Why businesses aren’t buying it when it comes Australian made

Are Ministers Kim Carr and Martin Ferguson are wasting their time calling for industry to buy Australian? AAP

The Federal Government’s new Buy Australian campaign comes amid growing concern that further layoffs will follow the loss of 1000 BlueScope jobs and that the mining boom is crushing manufacturing.

But Ministers Kim Carr and Martin Ferguson are wasting their time calling for industry to buy Australian.

The idea that a government should lobby consumers to buy ethnocentrically is nothing new. The Buy Australian campaign has been pushed for nearly 20 years by various governments, although the idea first emerged in the 1920s. The Kiwis have been doing it since 1988 and the British have been doing it since 1931.

While such programs may have a slight impact on consumer preferences, the evidence is pretty clear that they do not make significant differences to market share of locally made products.

Even entrepreneur Dick Smith accepts that the majority of what goes into an Australian supermarket trolley is not made by Australian companies.

Academic research suggests that consumers are more concerned about product quality and price than country of origin. So why do we expect them to buy Australian?

Aside from the fact such campaigns have little real effect, we need to keep in mind that when governments are keen to join the WTO and reduce trade barriers, such programs are nothing more that hypocritical public relations exercises for the electorate.

Governments are clearly wasting tax revenue on a marketing campaign that is unlikely to have any real effect: perhaps aside from patronising unions.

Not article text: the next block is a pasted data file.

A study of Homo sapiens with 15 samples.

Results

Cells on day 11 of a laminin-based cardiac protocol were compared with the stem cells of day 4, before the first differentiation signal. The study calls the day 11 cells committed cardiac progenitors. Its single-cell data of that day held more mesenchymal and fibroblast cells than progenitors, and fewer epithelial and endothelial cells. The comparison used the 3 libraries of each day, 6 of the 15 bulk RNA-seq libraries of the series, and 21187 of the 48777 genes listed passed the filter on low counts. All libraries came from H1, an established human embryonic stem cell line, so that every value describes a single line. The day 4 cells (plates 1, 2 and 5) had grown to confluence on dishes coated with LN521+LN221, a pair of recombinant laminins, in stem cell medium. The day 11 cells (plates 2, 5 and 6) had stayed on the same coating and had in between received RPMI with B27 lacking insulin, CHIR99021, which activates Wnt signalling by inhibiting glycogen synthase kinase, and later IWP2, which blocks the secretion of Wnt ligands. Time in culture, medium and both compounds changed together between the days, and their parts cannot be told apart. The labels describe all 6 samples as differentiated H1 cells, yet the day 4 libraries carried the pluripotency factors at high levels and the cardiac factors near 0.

The recent demand by the Federal Government for Australian businesses to buy Australian is no different. These businesses are expected by their shareholders to buy materials at the best possible price in order to get the best return for their money.

As many of these shareholders are offshore, no CEO is going to be popular if he or she allows a purchasing department to use company revenue to subsidise Australian industry.

The government who is making this demand is the same government that complained when the United States implemented a “Buy American” campaign as part of its financial stimulus bill.

If we want to reduce trade barriers and become part of the global community, then we have to accept that jobs will be lost in industries that are not competitive.

Unfortunately, the difference between being competitive and not being competitive could be as simple as a swing in the value of the dollar, as we are experiencing now.

Australian companies who export are suffering enough; to ask them to lose more revenue to support other Australian businesses just won’t work.

The research demonstrates consumers are more concerned about product quality and price than country of origin.

When the evidence over years suggests consumers do not respond to buy locally campaigns, there is no reason to think that businesses would do any different.

In short, the Federal Government is wasting their time. Australian companies that export are already facing more difficult trading conditions because of the dollar; asking them for a handout to support other Australian companies is just not going to happen.